Are you thinking about getting your first credit card? If you are, it’s important to understand the credit card basics.
Getting one might sound simple, but as of last year, half of all Americans carried credit card debt. Besides just having it, that amount of debt is also getting larger each year.
To help you avoid falling into similar pitfalls, we’ve compiled a list of tips and compiled them into this credit card 101 guide. Following it can help you make smart decisions with credit.
So what do you need to know?
Keep reading to learn all about credit cards for beginners.
Credit vs. Debit
Most people who belong to banks or credit unions have debit or bank cards. These allow you to directly access the money you have. When you make a purchase, it subtracts the money from your bank account.
Credit cards work a bit differently.
Credit is the money that banks and credit unions loan to you. When you borrow it and make a purchase with your credit card, you eventually have to pay it back.
Instead of depleting your savings, credit provides you with an easy way to buy things that you might otherwise not be able to afford. However, problems happen when people struggle to pay that money back.
How to Get a Credit Card
When you join a bank or a credit union, most provide you with a debit card to access your money. However, most institutions won’t automatically give you a credit card.
That’s because banks take a financial risk when they issue out credit cards. If people don’t pay their credit card bills on time, banks can end up losing money. Because of that, they first vet people to ensure that they’re reliable.
If you’d like to sign up for a credit card, make sure that your bank accounts show regular and consistent usage. This will help prove to your financial institution that you’re worthy.
Be Aware of Your Credit Score
If you begin to have problems paying your credit card bills on time, you can start to affect your credit score. This number represents your creditworthiness, and if it’s too low, lenders will be hesitant to let you borrow.
You’ll end up paying higher interest rates and will only have access to less favorable payment plans. In some extreme cases, lenders might even turn you away.
To avoid these problems, make sure that you always pay your credit card bills on time. You’ll also want to keep the balance as low as possible. Most experts recommend keeping it below 35% of the maximum.
Why Get a Credit Card?
Credit scores and credit cards can sound scary, and it’s true that if you’re not careful, they can make your life more difficult. That being said, they can also help you in many different ways.
As mentioned, credit cards provide you with money that you might not otherwise have. You need to make sure that you don’t borrow more than you can afford, but those extra funds can come in handy.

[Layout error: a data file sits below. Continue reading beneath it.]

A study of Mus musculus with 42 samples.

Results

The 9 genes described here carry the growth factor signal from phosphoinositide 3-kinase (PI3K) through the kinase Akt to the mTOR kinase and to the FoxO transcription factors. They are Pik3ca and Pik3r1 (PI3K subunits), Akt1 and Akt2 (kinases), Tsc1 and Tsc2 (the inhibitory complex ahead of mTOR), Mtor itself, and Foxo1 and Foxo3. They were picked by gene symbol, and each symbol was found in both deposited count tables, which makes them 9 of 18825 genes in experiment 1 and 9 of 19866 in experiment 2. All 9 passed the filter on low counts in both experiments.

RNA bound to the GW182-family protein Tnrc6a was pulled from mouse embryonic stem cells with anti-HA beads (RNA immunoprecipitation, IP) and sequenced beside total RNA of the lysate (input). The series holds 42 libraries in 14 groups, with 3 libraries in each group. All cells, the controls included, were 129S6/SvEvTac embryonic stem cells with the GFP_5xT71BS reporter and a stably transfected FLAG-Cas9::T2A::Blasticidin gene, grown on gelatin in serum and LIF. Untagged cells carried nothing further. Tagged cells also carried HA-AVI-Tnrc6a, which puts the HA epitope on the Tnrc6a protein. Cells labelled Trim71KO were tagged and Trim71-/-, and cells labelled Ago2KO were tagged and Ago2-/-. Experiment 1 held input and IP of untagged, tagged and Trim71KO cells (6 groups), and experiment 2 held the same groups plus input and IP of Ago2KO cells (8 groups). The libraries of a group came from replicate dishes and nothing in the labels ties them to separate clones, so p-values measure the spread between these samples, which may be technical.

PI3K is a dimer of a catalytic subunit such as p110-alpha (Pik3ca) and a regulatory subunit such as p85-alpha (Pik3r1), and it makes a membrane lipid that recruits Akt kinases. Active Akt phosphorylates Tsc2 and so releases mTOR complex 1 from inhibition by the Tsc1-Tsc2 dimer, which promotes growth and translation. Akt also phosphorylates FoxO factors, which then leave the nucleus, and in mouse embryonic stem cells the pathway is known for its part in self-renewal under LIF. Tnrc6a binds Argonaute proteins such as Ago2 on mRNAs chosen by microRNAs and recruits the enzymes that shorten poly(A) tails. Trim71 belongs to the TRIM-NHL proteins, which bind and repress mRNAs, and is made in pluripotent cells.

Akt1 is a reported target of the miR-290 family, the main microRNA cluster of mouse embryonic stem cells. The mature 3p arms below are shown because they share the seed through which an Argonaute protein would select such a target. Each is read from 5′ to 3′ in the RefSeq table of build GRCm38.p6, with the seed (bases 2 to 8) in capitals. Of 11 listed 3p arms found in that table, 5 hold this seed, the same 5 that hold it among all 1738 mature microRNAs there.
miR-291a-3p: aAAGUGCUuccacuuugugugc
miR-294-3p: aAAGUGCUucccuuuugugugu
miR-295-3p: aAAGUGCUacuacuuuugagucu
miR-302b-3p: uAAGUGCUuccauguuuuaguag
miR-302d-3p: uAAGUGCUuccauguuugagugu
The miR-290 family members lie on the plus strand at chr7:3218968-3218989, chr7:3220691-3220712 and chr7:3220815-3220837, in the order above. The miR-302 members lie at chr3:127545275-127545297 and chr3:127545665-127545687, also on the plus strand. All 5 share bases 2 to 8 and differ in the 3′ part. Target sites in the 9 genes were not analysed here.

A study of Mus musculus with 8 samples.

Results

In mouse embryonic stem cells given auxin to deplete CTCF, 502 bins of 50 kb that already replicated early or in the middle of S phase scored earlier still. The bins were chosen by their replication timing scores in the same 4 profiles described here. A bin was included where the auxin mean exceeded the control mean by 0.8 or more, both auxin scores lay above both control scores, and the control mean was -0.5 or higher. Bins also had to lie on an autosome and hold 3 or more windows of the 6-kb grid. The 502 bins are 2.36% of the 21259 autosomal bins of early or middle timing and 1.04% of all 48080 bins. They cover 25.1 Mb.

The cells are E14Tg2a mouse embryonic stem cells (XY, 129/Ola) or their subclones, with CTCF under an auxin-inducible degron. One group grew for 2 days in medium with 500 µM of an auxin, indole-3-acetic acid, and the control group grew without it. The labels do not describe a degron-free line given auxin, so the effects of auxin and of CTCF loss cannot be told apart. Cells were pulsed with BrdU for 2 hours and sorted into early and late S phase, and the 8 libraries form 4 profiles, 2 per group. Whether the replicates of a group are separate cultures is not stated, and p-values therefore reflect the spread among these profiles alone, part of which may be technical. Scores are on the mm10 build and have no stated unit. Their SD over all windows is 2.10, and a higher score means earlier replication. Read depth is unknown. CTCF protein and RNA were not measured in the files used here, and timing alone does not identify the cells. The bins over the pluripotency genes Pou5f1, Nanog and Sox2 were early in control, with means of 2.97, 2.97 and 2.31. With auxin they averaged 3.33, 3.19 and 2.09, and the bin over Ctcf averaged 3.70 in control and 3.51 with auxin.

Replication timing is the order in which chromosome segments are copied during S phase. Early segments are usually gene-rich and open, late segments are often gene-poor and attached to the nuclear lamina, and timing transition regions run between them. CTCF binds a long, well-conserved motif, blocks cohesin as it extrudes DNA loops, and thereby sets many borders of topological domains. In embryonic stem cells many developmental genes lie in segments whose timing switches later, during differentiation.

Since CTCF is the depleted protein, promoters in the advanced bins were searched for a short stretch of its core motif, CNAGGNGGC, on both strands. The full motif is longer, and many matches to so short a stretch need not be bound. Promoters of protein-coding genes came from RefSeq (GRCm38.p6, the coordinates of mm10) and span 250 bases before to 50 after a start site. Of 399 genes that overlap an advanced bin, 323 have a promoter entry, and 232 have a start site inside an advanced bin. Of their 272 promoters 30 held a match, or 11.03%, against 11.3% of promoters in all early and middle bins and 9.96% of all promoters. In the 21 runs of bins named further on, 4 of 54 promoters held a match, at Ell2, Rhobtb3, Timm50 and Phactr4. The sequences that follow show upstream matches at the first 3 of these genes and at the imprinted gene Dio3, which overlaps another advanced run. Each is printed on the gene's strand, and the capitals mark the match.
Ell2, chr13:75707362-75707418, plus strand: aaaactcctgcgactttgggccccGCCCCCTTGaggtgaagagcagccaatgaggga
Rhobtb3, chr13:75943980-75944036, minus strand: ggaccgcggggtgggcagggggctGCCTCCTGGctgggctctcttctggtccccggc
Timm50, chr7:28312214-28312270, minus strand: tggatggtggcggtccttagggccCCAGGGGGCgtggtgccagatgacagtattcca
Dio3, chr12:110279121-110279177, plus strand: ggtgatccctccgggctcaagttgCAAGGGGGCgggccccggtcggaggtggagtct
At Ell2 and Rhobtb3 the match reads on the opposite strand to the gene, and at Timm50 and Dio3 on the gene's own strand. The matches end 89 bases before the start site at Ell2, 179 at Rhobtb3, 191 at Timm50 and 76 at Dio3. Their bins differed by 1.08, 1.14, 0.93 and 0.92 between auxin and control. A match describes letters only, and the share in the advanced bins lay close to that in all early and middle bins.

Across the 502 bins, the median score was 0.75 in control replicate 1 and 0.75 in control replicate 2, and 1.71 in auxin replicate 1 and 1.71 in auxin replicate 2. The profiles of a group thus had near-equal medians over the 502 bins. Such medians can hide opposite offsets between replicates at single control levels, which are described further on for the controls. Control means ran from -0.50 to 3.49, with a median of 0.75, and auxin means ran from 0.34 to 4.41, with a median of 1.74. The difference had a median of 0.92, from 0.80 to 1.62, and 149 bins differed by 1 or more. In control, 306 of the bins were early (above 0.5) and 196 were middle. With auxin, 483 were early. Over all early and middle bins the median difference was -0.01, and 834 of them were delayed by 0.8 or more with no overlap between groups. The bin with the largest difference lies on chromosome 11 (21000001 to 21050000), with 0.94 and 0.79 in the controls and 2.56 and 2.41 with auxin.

Having a good credit score can also help you in different ways. You’ll have an easier time doing things like taking out loans, renting apartments, and in some cases, even getting a job.
Choose a Good Credit Card for Beginners
If you’ve never had one before, it’s important to learn how to get your first credit card. While you can go with a standard option, there are some types of credit cards that are more beginner-friendly.
Here are three of the best options that credit-newbies can take advantage of.
Student Credit Card
As its name implies, student credit cards or just that—credit cards meant for those who are studying or in school.
These cards provide students with an easy and safe way to build up their credit. Monthly fees are typically less, and interest rates are often more favorable.
These sorts of cards make an appealing choice to many young people since they don’t have to worry about getting robbed by credit companies. If you’re in school, speak with someone at your bank to see if you can get one!
Rewards Credit Card
Rewards credit cards are those that allow you to build up points over time. Once you accumulate enough, you can redeem them to earn “free” rewards.
Depending on the card and the company you sign up with, these rewards can range from anything to plane tickets to groceries.
Just make sure you do your research before signing up for a rewards credit card, though. Many companies offer discounts if you “sign up today”. Don’t get dragged into those catchy sales tactics.
Ensure the company you sign up with is right for you!
Secured Credit Card
If you don’t have any credit, a secured credit card is a good way to help you build up your score.
In this sort of setup, the bank provides you with a deposit of money. When you swipe your credit card, it doesn’t deduct from that account.
Provided that you make all of your payments on time, this provides you with a straightforward way to boost your credit score. Eventually, you can get a card that offers better benefits.
Credit Card 101: Make Sure That You Understand the Basics
Whether you’re thinking about getting your first credit card or want to revisit the credit card basics, it’s never a bad idea to better understand what credit is and how it works.
Use this credit card 101 guide as a resource to help you build up your personal credit while staying away from debt.